Daphne Baratz, “The Repetitive Structure in Verse: A Comparative Study in Homeric, South Slavic, and Ugaritic Poetry”
In South Slavic and probably in Ugaritic oral poetry, repetitive structures are frequently used to compose verses, but only rarely in the Homeric epics, which seem to be moving away from this oral compositional tool.
Joel P. Christensen, “Trojan Politics and the Assemblies of Iliad 7”
The public decision-making of the Trojans is portrayed as disorderly, authoritarian, and unresponsive, in contrast to the more open debates of the Achaeans, an institutional failing that contributes to the fall of the city.
William C. West, III, “Learning the Alphabet: Abecedaria and the Early Schools in Greece”
A tabulation of surviving inscribed alphabets shows that in the Archaic period the impulse and the tools to teach writing were spreading well before the invention of schools.
Matthew C. Wellenbach, “The Iconography of Dionysiac Choroi: Dithyramb, Tragedy, and the Basel Krater”
This painting of ca. 480 B.C., showing regimented dancers as in dithyramb but masked and in a setting as in tragedy, joins with other evidence to point to the mimetic character of dithyramb.
Aspasia Skouroumouni Stavrinou, “The Opsis of Helen: Performative Intertextuality in Euripides”
Features of the play’s staging, costume, and gestures achieve a series of allusions to comparable features in the genre of comedy and thus reinforce the comic elements of the plot and characters of Helen.
Anna Potamiti, “γρίφους παίζειν: Playing at Riddles in Greek”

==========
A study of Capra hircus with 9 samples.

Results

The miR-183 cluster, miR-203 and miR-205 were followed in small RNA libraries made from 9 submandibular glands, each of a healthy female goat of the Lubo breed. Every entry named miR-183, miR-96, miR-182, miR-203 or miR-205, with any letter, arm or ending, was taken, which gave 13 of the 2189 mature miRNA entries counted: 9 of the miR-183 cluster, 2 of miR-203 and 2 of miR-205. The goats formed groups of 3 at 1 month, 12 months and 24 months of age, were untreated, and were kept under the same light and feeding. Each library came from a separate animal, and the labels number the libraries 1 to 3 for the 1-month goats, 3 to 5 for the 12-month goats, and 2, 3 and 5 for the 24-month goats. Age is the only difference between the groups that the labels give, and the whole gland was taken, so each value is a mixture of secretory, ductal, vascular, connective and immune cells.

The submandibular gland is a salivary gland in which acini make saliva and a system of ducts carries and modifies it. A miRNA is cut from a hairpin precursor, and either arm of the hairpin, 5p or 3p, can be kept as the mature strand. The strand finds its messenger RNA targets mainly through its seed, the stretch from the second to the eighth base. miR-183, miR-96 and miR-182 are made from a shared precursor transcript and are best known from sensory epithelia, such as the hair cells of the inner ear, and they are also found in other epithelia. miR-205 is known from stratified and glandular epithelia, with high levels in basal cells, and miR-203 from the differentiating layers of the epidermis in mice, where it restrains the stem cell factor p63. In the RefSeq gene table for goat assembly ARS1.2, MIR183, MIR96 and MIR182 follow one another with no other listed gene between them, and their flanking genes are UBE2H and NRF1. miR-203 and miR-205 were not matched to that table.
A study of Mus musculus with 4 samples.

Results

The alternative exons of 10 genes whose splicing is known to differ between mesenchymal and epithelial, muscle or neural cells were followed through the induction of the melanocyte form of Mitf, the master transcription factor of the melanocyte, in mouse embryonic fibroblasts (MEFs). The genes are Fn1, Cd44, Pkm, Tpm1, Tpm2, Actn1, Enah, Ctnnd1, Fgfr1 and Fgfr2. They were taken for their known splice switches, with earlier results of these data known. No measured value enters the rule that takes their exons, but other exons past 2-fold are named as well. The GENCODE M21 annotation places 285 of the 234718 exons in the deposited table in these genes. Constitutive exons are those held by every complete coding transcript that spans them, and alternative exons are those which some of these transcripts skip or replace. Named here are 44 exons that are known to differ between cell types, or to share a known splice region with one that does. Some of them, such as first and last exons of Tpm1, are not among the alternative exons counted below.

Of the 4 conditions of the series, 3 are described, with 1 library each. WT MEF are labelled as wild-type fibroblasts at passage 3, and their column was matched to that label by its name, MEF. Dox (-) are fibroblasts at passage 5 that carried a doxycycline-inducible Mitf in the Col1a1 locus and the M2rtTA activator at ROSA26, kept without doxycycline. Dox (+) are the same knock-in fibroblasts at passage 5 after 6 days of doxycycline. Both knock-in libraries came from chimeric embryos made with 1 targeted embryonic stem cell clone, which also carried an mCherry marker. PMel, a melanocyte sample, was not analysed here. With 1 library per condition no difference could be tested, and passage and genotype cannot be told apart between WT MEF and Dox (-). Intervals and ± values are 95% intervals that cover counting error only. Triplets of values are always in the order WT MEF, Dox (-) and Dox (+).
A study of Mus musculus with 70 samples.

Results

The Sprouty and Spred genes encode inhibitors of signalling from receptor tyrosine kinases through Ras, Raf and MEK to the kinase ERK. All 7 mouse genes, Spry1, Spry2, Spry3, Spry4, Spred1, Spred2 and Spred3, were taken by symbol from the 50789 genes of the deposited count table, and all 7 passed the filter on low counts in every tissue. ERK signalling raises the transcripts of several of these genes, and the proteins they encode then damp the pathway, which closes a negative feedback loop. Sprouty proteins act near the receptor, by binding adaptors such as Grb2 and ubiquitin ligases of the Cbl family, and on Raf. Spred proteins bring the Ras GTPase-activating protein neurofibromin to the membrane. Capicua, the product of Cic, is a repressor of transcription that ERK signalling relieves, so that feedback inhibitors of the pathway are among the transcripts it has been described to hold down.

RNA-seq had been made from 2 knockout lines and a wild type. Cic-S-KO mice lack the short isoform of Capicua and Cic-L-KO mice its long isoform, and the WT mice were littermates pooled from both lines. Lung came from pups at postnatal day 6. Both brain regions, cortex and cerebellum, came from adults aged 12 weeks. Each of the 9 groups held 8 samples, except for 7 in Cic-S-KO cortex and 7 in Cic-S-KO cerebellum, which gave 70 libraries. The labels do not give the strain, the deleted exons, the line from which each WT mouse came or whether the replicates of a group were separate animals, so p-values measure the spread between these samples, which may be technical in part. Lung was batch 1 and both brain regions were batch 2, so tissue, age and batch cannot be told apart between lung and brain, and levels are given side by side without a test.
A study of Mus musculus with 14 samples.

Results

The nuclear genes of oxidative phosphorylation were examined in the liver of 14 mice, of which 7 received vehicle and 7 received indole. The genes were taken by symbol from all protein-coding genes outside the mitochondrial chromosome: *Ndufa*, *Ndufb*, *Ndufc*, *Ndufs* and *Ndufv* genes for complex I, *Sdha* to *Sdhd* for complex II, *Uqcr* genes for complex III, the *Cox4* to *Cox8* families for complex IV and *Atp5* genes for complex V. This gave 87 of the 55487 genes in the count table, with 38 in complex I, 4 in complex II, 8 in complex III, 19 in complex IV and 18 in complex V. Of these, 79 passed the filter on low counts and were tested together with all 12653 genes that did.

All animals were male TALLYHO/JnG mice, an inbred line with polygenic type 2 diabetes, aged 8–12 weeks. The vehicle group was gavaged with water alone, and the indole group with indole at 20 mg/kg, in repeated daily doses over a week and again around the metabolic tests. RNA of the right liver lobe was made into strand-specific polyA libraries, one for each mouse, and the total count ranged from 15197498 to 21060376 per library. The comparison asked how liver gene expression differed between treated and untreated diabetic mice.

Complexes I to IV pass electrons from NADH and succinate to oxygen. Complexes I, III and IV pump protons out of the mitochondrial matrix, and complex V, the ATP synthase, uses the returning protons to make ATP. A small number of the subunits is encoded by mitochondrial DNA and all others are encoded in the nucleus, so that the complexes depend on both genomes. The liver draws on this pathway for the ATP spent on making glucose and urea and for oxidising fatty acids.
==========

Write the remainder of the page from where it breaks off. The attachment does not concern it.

Greek literary portrayals of riddles, when categorized in keeping with comparative folklore, elucidate the social and cultural conventions which allowed riddles to function.
Christian Ammitzbøll Thomsen, “The Eranistai of Classical Athens”
The eranos is shown by Aristotle and inscriptions to have been a formal organization already in the fourth century B.C., making loans that were not simply ‘friendly’ but interest-bearing and enforceable.
Alex Gottesman, “Reading the Arrivals of Harpalus”
Harpalus’ two arrivals in Athens, first with armed force and then as a suppliant, were both intended to provoke war between Athens and Alexander, the first through fear, the second through appeal to Athenian traditions of protecting suppliants.
Mark Depauw and Joanne Stolk, “Linguistic Variation in Greek Papyri: Towards a New Tool for Quantitative Study”
A database of editorial interventions in papyrus texts will make it possible to search and assess variations in phonology, morphology, and syntax as they are attested over time.
Charles F. Pazdernik, “The Quaestor Proclus”
Procopius’ portrait of the Proclus, quaestor sacri palatii under Justin I, reveals a pragmatic politician devoted to predictability, stability, and the rule of law, in the face of imperial capriciousness, especially in dealings with Persia.
Michael Zellmann-Rohrer, “Protective Iambic Incantations on Two Inscribed Octagonal Rings”
A metrical charm against intestinal pain, attested elsewhere, can be recognized in two finger-rings of late antiquity.
Laura Pfuntner, “Reading Diodorus through Photius: The Case of the Sicilian Slave Revolts”
Photius’ interest in the turmoil in II B.C. Sicily, which probably reflects ninth-century anxiety over the Arab invasion of Sicily, led him to shape a coherent monograph, different from Diodorus’ conglomerate and from the Constantinian Excerpta.
Byron David MacDougall, “Michael Choniates at the Christian Parthenon and the Bendideia Festival of Republic 1”
Choniates’ inaugural sermon as bishop of Athens carefully echoes Plato’s image of the passing on of the torch, so as to emphasize the continuity of Christian Athens with its pagan past.